Britney-Phifer-.jpgA Licensed Clinical Addiction Specialist, Clinical Analyst Britney Phifer said she has learned firsthand the power stigma can have over individuals fighting to survive and recover from opioid addiction. 

That's what drives her passion to educate the communities and stakeholders that Cardinal Innovations serves about the opioid epidemic, to gather research to attempt to resolve the problem and to pursue ways to help reduce harm for those currently struggling with this addiction.

“Reducing the stigma is critical because it is this stigma that can lead to feelings of shame and can discourage open communication about the epidemic, and can even discourage those in need from seeking treatment," Phifer said. “In my previous role working in the direct care capacity, I saw first-hand how this stigma can negatively impact those that have been impacted by addiction." 

Earlier this year, Phifer partnered with the Business Intelligence and Advanced Analytics (BIAA) team to produce analyzed data on rates of overdoses in Cardinal Innovations communities so that certain providers, hospitals and populations could be targeted for intervention and training. She also has facilitated at least four opioid trainings to teach providers, Cardinal Innovations staff and community members about opiates, opioid dependence and treatment options, including Narcan.

“My mission through the facilitation of these trainings in the community was to open communication, reduce the stigma, and empower those in need of treatment to obtain it," Phifer said. 

“Unfortunately, the opioid epidemic is one that has touched so many of us in one way or another – not only in our professional lives, but in some cases, our personal lives. Many of us have a family member, loved one, or friend that has, or is, struggling in one way or another," Phifer said. “One of the fascinating things about data is that it allows us to understand more about what is going on, things we may not see at first. Through examining data, we are able to target our efforts in order to really touch those people in the most need."

The research into Cardinal Innovations' 20 county catchment's overdose rates revealed who was most impacted by the opioid crisis. “Through this data, we were able to identify single and recurrent overdose rates, allowing us to directly support the members and families needing it the most," Phifer said. 

Phifer, who has been with Cardinal Innovations for a little over a year, is the Clinical Analyst for the Care Coordination's quality management team. She came to Cardinal Innovations from McLeod Addictive Center where she worked as a program manager and substance abuse counselor. Phifer is also a Licensed Marriage and Family Therapist.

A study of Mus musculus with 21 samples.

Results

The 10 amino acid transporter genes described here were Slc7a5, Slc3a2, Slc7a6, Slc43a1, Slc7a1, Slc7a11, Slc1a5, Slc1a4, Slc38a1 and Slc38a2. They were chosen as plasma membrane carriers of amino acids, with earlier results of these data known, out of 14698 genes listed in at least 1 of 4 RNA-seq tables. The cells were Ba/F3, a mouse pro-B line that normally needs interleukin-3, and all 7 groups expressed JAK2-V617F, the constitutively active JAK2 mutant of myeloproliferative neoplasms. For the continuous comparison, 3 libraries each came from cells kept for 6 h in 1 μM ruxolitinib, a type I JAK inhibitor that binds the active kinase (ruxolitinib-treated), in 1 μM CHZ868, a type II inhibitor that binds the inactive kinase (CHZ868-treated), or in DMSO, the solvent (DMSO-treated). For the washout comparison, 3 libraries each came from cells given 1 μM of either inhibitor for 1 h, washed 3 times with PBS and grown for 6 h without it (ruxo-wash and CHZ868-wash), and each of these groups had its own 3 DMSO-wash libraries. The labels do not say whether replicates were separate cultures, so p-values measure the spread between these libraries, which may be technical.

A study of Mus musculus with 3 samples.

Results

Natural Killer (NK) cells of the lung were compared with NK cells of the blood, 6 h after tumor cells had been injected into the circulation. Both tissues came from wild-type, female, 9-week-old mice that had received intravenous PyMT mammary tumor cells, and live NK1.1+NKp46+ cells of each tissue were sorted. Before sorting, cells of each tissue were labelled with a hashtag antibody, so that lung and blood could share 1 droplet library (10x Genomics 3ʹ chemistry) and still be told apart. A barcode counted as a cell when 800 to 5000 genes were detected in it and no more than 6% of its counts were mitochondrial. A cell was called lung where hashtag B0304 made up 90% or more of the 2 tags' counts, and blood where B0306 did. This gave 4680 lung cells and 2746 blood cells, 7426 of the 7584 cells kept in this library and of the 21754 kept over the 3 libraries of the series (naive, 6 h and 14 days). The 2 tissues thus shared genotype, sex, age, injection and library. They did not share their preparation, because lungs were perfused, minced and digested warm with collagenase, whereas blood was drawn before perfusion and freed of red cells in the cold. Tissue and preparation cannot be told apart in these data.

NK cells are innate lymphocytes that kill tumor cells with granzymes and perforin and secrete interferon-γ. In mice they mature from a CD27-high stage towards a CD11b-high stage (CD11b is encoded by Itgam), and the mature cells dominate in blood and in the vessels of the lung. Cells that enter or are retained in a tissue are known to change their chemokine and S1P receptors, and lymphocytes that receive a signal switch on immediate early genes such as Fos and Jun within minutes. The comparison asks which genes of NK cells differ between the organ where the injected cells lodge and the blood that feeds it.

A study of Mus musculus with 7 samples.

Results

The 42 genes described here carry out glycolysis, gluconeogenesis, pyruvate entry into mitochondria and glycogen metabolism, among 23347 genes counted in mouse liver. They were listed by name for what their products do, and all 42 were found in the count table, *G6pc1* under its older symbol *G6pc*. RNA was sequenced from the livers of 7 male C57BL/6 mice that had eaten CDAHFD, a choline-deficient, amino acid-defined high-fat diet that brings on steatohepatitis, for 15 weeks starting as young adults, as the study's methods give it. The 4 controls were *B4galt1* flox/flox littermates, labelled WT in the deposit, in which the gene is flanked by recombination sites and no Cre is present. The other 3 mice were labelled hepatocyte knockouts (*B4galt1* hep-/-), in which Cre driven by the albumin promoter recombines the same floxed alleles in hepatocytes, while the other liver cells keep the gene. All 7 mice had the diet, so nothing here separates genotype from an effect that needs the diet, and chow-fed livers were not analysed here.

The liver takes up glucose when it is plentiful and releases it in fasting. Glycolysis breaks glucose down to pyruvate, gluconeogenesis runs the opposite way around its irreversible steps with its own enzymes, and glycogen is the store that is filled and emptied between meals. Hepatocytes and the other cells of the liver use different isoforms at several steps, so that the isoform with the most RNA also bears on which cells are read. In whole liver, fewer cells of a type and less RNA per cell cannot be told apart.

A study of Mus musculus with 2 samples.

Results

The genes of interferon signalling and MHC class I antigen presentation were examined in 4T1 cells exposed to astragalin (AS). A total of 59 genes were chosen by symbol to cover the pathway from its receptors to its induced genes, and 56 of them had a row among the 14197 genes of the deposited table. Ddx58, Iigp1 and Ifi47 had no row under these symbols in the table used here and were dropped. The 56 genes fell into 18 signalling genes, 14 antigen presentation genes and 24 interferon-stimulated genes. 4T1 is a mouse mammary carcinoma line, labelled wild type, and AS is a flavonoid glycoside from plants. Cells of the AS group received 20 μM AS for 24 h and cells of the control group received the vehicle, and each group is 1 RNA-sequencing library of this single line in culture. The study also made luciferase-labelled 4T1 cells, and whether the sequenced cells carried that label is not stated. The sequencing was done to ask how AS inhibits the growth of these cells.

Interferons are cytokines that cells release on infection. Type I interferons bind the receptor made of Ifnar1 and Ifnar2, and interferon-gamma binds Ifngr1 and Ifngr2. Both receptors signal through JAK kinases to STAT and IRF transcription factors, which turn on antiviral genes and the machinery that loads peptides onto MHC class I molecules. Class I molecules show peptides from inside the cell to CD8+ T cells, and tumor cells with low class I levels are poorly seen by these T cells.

“My unique role of Clinical Analyst enables me to use my training and experience as a clinician, but also be creative with the technology and information we have at our disposal, using data to support our work with members," she said. “With everyone's skill sets coming together collaboratively, we are able to use our talents, skills and passion to serve our members and their families."

Phifer also has participated in a community panel discussion on the opioid epidemic in Rockingham County and lectured at the Opioid Summit in Charlotte, N.C. She has contributed to newspaper articles and volunteered numerous times to help put together Narcan kits for distribution in Cardinal Innovations' communities. 

At the Mecklenburg County Opioid Summit, Phifer gave a presentation that provided an overview of the opioid crisis designed to help families, community members, and providers better understand the opioid crisis, the nature of addictive disease, and learn how to support those that have been impacted.

“Britney is a knowledgeable, passionate and relentless leader in the systematic fight against the opioid epidemic," said Care Coordination Quality Manager Julia Clodfelter, who nominated Phifer to be recognized for her efforts. “(She) has contributed an extensive amount of her time to educating Cardinal Innovations teams, providers, community members and other stakeholders about the opioid epidemic."

Phifer said she always knew her career had to be about helping others. 

“I believe that we can do our best work when skill intersects with passion. I think most clinicians would say that their 'work' began when they were young, with friends and family often coming to them to talk and process through things, feeling like they could really open up with them," she said. “What I love about Cardinal Innovations is that people here share this passion for others – a passion to help others using their skills and abilities. That work may look different from the day to day, whether it is directly in the field, working with data, or connecting members with the services they need, but at the end of the day, we are all working together to support those in need."